Search and Rescue personnel were able to extricate a boater from where he was stranded on the bank of the San Miguel River after his raft flipped near Sawpit July 3. (Photo courtesy of the San Miguel Sheriff’s Office)

Locals often refer to the San Miguel River as “the mighty San Miguel.” Save for typical seasonal runoffs, winter ice floes and occasional flooding (1911 was a notable year for the river rising above its banks), the river that courses 72 miles from above Telluride to its confluence with the Dolores River near Uravan, is rarely considered a rager. This year it is.

An above average snowpack, cooler temperatures and a wet spring have served to keep flows high. According to information on the website, over the past 10 days, the seasonal average has been sticking close to 1,600 cubic feet per second (cfs). As of press time Tuesday, that represents 142 percent above the seasonal average of 549 cfs. Data monitored on Tuesday showed the river was running at 1,140 cfs, an increase of 30 percent over the previous day.

What that means to boaters is challenging rapids and a longer season on the water. Generally, that’s good news and lots of fun. But, according to the boating guide the Bureau of Land Management shares on its website, the high streamflows are better suited for experienced recreationists. For flow measurements between 1,200-2,000 cfs, for canoes, kayaks, inflatable kayaks, rafts 14 feet or smaller, expect “solid Class III with some IV possible. River becomes pushy and fast as flows approach 3,000 cfs. Many rapids will wash out while others will form. Beware of overhanging trees and strainers,” the guidelines read in part. Those conditions, the BLM advises, are best left to the experts.

But even for experienced boaters, the river is strong and unpredictable. Over the last couple of weeks, personnel from the San Miguel Sheriff’s Office’s Search and Rescue teams executed two rescues.

One, on July 3, involved experienced rafters who were all wearing helmets and personal flotation devices (PFD). The three boaters were in a raft that flipped about a mile upstream from Sawpit. One of the boaters was stranded on the riverbank and because the current was so swift, he was rescued by jumping to safety into a moving raft piloted by SAR members.

Susan Lilly, the sheriff’s department spokesperson, likened expert skiers to expert boaters. In spite of being educated, fit, appropriately outfitted and with the ability to ski safely and defensively, the expert skier can still be, she said, injured or killed.

“They can have the right gear, the techniques and the skill level and still be hurt,” she said. “River rafting is not unlike that. And expert boater can go down a raging river and be vulnerable to injury or death.”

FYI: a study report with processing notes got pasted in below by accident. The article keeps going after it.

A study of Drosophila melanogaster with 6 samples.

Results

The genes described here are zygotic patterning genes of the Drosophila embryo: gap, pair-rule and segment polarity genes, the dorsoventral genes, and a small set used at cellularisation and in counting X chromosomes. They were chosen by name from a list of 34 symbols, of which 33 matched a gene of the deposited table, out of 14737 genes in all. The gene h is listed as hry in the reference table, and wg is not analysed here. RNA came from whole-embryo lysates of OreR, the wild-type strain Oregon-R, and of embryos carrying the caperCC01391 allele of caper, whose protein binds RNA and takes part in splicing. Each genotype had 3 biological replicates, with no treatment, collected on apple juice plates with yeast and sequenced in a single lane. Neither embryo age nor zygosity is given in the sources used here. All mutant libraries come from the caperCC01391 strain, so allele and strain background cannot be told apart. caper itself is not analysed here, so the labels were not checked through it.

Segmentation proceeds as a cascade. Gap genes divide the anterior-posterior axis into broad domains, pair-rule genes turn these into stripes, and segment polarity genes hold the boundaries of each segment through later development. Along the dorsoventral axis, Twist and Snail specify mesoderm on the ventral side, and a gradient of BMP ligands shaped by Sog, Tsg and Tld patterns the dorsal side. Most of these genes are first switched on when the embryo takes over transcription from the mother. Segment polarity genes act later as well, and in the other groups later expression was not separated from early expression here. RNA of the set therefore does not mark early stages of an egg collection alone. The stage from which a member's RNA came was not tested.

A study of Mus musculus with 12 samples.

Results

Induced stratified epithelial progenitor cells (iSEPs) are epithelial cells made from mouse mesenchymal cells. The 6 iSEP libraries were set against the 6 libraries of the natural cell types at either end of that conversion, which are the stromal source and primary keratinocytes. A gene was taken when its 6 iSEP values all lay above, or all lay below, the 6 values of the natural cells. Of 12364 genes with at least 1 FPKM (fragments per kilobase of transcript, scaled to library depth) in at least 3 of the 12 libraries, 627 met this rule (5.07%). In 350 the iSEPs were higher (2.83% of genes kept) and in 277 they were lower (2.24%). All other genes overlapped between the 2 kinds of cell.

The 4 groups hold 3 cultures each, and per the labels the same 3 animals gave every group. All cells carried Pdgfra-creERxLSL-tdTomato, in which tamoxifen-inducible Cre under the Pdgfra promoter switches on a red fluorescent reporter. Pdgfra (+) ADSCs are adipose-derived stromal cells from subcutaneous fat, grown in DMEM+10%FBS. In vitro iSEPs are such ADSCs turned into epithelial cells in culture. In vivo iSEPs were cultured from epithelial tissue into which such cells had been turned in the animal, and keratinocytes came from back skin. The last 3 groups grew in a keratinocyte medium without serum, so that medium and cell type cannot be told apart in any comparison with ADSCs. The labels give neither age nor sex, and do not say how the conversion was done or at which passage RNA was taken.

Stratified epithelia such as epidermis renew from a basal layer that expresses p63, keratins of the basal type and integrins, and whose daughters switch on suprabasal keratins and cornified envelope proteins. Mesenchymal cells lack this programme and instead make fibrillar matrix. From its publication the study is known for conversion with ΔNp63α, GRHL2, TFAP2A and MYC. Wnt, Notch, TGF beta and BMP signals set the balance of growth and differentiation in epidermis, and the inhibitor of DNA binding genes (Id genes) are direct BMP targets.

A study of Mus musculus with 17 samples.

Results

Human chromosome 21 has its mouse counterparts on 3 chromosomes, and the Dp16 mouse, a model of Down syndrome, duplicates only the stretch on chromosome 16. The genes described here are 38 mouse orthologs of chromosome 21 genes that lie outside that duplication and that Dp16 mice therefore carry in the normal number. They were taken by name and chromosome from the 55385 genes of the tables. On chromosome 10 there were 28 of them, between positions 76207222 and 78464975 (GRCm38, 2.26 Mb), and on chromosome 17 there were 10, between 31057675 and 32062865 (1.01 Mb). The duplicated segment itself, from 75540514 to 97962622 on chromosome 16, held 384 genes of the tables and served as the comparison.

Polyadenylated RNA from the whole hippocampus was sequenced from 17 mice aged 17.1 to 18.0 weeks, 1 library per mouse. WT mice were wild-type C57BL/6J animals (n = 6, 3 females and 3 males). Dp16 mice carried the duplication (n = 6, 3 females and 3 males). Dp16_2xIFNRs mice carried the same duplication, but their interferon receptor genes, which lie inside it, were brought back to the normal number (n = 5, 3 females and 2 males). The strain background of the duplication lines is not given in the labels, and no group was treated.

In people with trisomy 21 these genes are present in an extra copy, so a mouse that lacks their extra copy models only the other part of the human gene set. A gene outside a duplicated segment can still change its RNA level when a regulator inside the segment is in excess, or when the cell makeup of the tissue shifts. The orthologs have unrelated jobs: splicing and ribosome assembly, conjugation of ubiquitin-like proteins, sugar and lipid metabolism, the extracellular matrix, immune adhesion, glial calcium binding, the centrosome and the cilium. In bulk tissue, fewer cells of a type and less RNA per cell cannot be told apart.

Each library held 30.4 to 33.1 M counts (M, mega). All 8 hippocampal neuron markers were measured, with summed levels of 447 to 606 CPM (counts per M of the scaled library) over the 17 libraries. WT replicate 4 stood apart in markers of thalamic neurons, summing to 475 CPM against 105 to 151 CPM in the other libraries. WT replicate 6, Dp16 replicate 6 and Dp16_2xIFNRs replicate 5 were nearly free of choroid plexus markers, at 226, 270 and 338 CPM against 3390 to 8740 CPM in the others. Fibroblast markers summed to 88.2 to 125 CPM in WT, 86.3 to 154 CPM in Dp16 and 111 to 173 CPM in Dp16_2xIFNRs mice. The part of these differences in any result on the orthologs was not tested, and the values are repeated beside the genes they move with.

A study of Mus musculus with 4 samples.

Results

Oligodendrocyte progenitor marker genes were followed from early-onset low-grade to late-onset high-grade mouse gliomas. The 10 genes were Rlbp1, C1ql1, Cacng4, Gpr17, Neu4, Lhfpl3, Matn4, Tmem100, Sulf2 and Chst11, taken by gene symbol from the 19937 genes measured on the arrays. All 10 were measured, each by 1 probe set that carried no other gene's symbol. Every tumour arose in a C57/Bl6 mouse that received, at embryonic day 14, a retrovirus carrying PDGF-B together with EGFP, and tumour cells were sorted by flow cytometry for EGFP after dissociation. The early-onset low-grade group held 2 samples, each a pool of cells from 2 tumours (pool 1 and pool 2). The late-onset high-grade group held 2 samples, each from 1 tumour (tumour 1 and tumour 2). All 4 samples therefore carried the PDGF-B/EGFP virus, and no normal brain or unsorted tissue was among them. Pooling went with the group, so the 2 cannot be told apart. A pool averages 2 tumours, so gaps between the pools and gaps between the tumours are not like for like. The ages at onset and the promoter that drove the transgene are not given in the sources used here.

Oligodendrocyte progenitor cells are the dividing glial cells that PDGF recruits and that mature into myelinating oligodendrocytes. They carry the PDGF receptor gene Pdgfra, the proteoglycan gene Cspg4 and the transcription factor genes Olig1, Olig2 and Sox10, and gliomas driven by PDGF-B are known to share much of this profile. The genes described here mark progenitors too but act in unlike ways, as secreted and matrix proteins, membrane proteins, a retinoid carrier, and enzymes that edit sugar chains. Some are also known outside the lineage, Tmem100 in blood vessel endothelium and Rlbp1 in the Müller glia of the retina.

Relative to the number of expert skiers in the Telluride region, the number of expert boaters is low, Lilly said. She said it is important to have a plan before embarking on a river run.

“It’s important to be aware of the risks,” she said. “There obstacles in the water, both seen and unseen. What do you do if you flip your raft or kayak? What is your plan?”

And, she said, rescuers must assess the situation before attempting rescue, just as they do in the case of wintertime backcountry incidents.

“SAR always determines first it it’s safe to insert our people,” she explained. “There may be cases where you’re out there for an undetermined amount of time.”

On June 26, also on the San Miguel River, another incident occurred, which involved a group of nine who put in the river in duckies just outside of Placerville. Some were solo, others in pairs. At least one duckie flipped, sending its occupant, a 63-year-old Ridgway woman, into the river. She first held on to another duckie and was swept downstream when she was unable to climb aboard. Fortunately, she managed to get herself out of the river and walked downstream a bit before being located. Her companions were alarmed as she had been carried out of sight.

Sheriff’s personnel reported that more than 30 people were involved in the search, including numerous law enforcement agencies and guides with Mild to Wild Rafting Tours. The woman’s odyssey lasted three hours from the time her duckie flipped until when she was reached by SAR members at 7 p.m.

Like the expert rafters who flipped on July 3, she was wearing a helmet and a PFD. Lilly said that while the woman was not an expert, she was not inexperienced.

The river is not only fast and high, but extremely cold. Lilly said that particularly in regards to smaller people (like children) with less body fat, hypothermia can set in rapidly. She cautioned parents against letting unsupervised children go tubing in the river while it is running so strongly.

“The river’s temperature is not kind to anyone, especially small children,” she said.